I didnt want to hijack the parent thread, but Pappy seemed to question where the elements of Cub Scouting came from. Does anyone care to explain why Akela and Baloo are features of the Cub Scout program?



The story of Akela in the early cub days took the jungle book story and placed in in a early american setting making Akela an American Indian rather than an East Indian.





In addition, the Cub Scout division issued a history of Cub Scouts in 1987, and updated it in 2005 to coincide with the 75th anniversary of Cub Scouts (item #34473).


The book is available at Scoutstuff.org for $20.




Johnny Walker's Scouting Milestones is also very good:



You do need to scroll down a bit and find the link!!

There is a really nice photo of Colin Walker's son in his uniform, which is very much the same uniform I wore when I first joined as a Wolf Cub.

Back then even I was a cute little fellow!!

(No comments from the peanut gallery please!!)




When the BSA brought over the Cub Scout program, they had Ernest Thompson Seton help 'americanize' it. Seton helped turned the Jungle Book theme program into the American Indian theme program it became. Considering that Seton's own youth program was the American Indian-themed Woodcraft Indians (which was an inspiration for the OA), this was a natural.





You might say to:


Look for the bare necessities

The simple bare necessities

Forget about your worries and your strife

I mean the bare necessities

That's why a bear can rest at ease

With just the bare necessities of life





Never read that in any B-P bio. Juliette Low was a good friend of B-P that some may have thought they'd get married (Juliette was an active Girl Guide leader in the UK at the time), but it never happened.



If you look at the early days of Girl Scouting, it started out WAY more like the origional boy scout program. At least as far as it could be given the social restrictions of the times. Perhaps that's part of the problem of the GS lack of program continuity -- responsibilities, roles and activities open to women today are so different than what the founder could even dream. It's harder to look back and gain direct inspiriation from Juliette Gorden-Low as to how to work with the program.


But I digress from the origional thread!


I wonder though about the Jedi comment. BP and Seaton obviously borrowed from the romantic material that was contemporary to their time and appealed to boys. Is there any unintended consequence that would come from borrowing from OUR contemporary romances (ie Star Wars)? Is the spirit of the game more important or the framework of the game? Remember we are about a game with a purpose. BP could have chosen to emphasize medival romantic scripts (and he did involve a lot of that in the first program publications too), but he chose something that appealed to the popular culture of that time.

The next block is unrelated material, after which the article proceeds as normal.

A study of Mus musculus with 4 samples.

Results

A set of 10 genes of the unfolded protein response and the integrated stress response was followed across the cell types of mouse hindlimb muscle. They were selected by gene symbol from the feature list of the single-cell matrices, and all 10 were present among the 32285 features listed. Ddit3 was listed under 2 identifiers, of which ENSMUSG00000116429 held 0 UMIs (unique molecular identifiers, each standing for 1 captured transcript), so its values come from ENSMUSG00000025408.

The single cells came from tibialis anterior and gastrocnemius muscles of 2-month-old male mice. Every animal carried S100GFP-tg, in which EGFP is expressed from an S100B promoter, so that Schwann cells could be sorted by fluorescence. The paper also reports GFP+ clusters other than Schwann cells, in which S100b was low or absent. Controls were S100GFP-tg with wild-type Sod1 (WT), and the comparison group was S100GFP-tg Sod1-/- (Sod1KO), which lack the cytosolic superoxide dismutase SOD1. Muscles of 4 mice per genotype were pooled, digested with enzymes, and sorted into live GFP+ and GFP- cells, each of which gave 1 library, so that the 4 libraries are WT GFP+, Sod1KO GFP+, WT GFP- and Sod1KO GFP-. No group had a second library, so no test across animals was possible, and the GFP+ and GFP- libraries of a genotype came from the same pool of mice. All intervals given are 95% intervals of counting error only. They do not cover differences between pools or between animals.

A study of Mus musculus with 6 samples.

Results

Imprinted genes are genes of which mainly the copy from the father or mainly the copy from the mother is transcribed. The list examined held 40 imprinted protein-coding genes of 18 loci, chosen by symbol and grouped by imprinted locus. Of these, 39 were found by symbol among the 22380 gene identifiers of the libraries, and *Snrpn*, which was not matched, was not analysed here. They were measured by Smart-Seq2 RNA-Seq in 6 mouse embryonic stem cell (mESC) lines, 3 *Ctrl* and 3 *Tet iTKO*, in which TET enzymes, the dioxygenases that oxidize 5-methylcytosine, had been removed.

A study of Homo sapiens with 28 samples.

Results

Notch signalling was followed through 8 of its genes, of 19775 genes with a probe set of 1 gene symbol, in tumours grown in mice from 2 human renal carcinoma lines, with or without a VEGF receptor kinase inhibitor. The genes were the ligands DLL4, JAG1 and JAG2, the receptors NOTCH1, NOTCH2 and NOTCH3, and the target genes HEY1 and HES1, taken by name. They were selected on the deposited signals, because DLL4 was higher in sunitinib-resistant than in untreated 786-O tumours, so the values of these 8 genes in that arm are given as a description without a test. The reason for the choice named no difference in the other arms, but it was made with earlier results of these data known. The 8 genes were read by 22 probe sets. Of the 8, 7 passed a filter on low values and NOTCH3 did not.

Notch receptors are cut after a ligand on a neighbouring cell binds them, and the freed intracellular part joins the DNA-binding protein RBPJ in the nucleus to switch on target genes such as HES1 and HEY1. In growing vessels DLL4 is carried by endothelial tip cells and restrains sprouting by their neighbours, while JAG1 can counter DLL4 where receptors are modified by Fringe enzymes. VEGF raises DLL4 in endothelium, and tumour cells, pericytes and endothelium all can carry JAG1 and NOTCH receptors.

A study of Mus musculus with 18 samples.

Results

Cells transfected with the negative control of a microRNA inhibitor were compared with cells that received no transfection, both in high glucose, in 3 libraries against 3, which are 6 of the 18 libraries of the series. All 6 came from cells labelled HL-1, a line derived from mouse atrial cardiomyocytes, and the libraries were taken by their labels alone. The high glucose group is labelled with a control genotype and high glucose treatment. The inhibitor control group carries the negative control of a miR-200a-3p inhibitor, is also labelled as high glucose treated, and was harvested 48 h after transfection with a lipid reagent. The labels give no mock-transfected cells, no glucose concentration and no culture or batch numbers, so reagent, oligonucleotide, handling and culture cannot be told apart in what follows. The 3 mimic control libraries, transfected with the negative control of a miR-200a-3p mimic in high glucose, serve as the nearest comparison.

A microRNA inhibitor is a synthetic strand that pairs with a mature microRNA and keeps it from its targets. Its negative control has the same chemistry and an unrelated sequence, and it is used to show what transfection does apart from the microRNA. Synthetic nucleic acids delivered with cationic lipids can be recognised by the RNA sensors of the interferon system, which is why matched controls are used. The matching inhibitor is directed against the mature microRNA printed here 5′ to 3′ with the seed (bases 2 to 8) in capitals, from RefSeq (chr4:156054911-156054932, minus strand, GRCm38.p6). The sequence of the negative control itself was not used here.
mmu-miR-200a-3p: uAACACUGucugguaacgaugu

by Sir Robert Baden-Powell





Interesting thread.


"..I had the pleasure, too, of meeting the Chief Scout of Belgium, Dr. de Page, the director of a splendid hospital for Belgian soldiers given by the people of Great Britain. His three sons are Scouts, two of them serving in the Army, and the youngest doing his bit in the workshop attached to the hospital--where they make their own instruments, such as scalpels, scissors, etc.


Finally, I had an interview with King Albert of Belgium. He told me that "he considered the Movement one of the best steps of modern times for the education of the boy. His own son is an enthusiastic Scout, and the Belgian boys who had taken it up were quite changed for the better, and had done valuable service in the war. The war had been a high test for it, but had proved that our training gave the very best foundation for making good soldiers--by developing the right spirit and intelligence as well as physical strength and activity."




Baden Powell was 100% against younger boys being members of Boy Scout Troops, in fact from what I have read, it seems to me that he viewed Cub age boys as a bit of a pain in the neck.